The Intelligent Woman's Guide to Socialism and Capitalism
The Intelligent Woman's Guide to Socialism and Capitalism is a non-fiction book written by the Irish playwright George Bernard Shaw. The book employs socialist and Marxist thought. It was written in 1928 after his sister-in-law, Mary Stewart Cholmondeley, asked him to write a pamphlet explaining Socialism. The book was later re-released as the first Pelican Book in 1937. The dust jacket artwork for the British and American first editions was by the British artist and sculptor Eric Kennington.
Shaw examines various socialist ideas, including the issue of private property under socialism, population control, the difficulty creating of non-market-based means to ascribe value to human activities and the problem of wealth distribution. He explores Marxist concepts such as surplus value along with the ideas of non-Marxist socialist thinkers such as Henry George.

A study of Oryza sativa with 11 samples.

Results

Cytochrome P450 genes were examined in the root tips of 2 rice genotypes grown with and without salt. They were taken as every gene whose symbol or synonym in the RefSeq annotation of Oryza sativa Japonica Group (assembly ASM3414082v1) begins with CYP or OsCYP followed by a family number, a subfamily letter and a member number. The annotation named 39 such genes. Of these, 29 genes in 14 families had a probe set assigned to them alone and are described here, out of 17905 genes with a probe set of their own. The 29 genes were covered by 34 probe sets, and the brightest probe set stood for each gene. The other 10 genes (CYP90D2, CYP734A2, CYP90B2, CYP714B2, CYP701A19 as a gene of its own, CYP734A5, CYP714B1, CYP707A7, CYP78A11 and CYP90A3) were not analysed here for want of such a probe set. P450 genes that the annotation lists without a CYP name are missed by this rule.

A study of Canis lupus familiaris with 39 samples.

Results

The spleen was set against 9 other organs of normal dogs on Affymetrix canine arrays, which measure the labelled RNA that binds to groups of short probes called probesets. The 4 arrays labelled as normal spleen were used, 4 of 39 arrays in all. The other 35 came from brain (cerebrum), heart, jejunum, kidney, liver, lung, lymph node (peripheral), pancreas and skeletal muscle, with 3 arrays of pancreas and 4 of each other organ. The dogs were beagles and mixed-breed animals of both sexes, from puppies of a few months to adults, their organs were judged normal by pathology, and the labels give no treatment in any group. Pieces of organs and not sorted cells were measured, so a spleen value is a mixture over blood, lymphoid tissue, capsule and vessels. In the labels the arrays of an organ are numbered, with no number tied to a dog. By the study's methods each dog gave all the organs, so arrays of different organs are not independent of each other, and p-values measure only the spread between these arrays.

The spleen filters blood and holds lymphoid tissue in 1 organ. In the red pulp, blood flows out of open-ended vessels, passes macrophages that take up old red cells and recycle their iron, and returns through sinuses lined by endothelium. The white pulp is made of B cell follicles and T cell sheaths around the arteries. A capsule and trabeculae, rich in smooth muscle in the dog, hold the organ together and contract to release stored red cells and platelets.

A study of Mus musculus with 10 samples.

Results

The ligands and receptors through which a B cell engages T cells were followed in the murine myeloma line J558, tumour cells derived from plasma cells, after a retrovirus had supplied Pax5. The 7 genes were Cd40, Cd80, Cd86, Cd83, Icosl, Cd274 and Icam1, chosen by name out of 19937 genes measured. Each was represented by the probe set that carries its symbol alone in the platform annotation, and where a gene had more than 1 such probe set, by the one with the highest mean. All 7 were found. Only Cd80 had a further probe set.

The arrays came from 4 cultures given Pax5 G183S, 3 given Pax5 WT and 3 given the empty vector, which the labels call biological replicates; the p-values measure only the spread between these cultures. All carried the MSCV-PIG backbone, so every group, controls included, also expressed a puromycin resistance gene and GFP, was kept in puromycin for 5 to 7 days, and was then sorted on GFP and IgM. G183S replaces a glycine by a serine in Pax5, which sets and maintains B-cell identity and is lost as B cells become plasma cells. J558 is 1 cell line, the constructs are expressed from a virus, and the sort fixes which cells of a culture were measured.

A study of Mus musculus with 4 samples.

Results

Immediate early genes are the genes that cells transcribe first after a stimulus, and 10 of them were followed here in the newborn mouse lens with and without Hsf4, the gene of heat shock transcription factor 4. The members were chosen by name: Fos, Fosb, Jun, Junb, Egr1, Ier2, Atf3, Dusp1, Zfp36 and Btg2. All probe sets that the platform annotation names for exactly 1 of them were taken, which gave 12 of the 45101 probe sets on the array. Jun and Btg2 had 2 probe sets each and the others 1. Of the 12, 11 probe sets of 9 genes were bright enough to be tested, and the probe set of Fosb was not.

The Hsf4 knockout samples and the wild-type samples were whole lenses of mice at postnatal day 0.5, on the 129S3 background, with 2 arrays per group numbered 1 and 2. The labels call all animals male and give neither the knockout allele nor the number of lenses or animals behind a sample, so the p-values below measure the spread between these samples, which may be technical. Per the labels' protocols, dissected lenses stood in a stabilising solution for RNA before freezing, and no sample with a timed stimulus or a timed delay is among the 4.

The book inspired a respectful and detailed reply from Lilian Le Mesurier in The Socialist Woman's Guide to Intelligence: a reply to Mr. Shaw first published in 1929. Le Mesurier objected to Shaw's self-satisfied and condescending tone.
In the late 1930s, Allen Lane, the founder of Penguin Books, wished to create a new line, to be called "Pelican" books, which would be dedicated to publishing clear expositions of current social debates. He desired that Shaw's Intelligent Woman's Guide should become the first in that series. Shaw wrote to Lane that since almost 10 years had elapsed the book's title needed to be changed to The Intelligent Woman's Guide to Socialism, Capitalism, Sovietism, and Fascism, and under that title the book became the first Pelican in two paperbound volumes in 1937.
- Thelma McCormack, "The Intelligent Woman's Guide to Socialism and Capitalism" by George Bernard Shaw, American Journal of Sociology, vol. 91, no. 1 (July 1985), pp. 209-211.